An early evening wave of thunderstorms dumped heavy rains and pockets of hail in Fond du Lac, Dodge and Washington counties on Aug. 10. Those farm fields along the county line in northwest Dodge County bore the brunt of the hail storm – leaving behind fields full of corn plants with stripped leaves and soybean plants in tatters.

Loretta Ortiz-Ribbing, UW-Extension Crops and Soils Agent for Fond du Lac and Dodge County had a chance to talk to Dodge County farmers concerning crop damage from last week's storm..

“One producer living in the Lake Emily Road area said a 150-acre corn field was damaged by the hail storm. Luckily his corn crop was planted in May and was far enough along that it should be OK,” Ortiz-Ribbing said. “His soybean field is another story. He’s looking at a 40 percent yield loss.”

Ortiz Ribbing said other farmers in the vicinity fared even worse.

“One producer told me that he will lose 70 percent of his yield in one badly damaged soybean field,” she said. “One commercial vegetable grower in the area tore out a field of green bean plants that were badly damaged. We’re talking some pretty high value crops.”

According to the Wisconsin Crop Progress and Condition report for the week ending Aug. 13, one Washington County reporter noted that 2 inches of rain fell in under 20 minutes along with marble and golf ball-sized hail and four-inch icicles.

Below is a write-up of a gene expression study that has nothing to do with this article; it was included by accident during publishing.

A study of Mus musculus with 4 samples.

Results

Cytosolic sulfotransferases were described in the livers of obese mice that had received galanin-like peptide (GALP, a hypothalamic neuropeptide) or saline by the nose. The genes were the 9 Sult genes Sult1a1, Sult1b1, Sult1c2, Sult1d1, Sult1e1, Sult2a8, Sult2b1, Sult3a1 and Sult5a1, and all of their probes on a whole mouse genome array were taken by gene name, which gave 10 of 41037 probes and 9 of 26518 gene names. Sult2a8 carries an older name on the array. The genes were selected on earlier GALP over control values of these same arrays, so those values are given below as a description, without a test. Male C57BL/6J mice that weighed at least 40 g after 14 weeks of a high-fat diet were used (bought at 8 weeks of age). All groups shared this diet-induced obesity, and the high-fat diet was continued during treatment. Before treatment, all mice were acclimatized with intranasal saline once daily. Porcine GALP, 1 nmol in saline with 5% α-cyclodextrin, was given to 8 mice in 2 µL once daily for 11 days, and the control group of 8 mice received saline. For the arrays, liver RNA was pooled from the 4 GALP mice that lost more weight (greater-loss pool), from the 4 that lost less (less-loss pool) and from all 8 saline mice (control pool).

“A mile to our east soybeans were shredded,” the reporter observed.

Variables to consider

Ortiz-Ribbing said there are many variables to consider in predicting the impact on production following the Aug. 10 storm.

Because of the wet, cold spring, planting was done in waves across the state as farmers were able to get into fields.

“This year corn fields are in various stages of development, and many fields have various stages of development within the same field,” Ortiz-Ribbing said. “It really depend on what the growth state of the plants were at the time of the storm damage.”

Corn plants need lots of photosynthesis going on during pollination and grain fill, she said.

“It’s much better for the plant if the damage occurred while it’s in the milk stage rather than if the plant is tasseling or in the silk stage,” she said. “However, there was a lot of damage to leaves and the plants still need photosynthesis to complete that kernel. Damage during these developmental periods could cause yield loss.”

Conversely, younger soybean plants may fare better than plants that already had pods,” Ortiz-Ribbing said.

“Depending on the stage of soybean development, the plant may or may not grow out of it. But if the plant is no longer flowering, it’s not going to produce any more pods to replace those beans that were lost,” she said.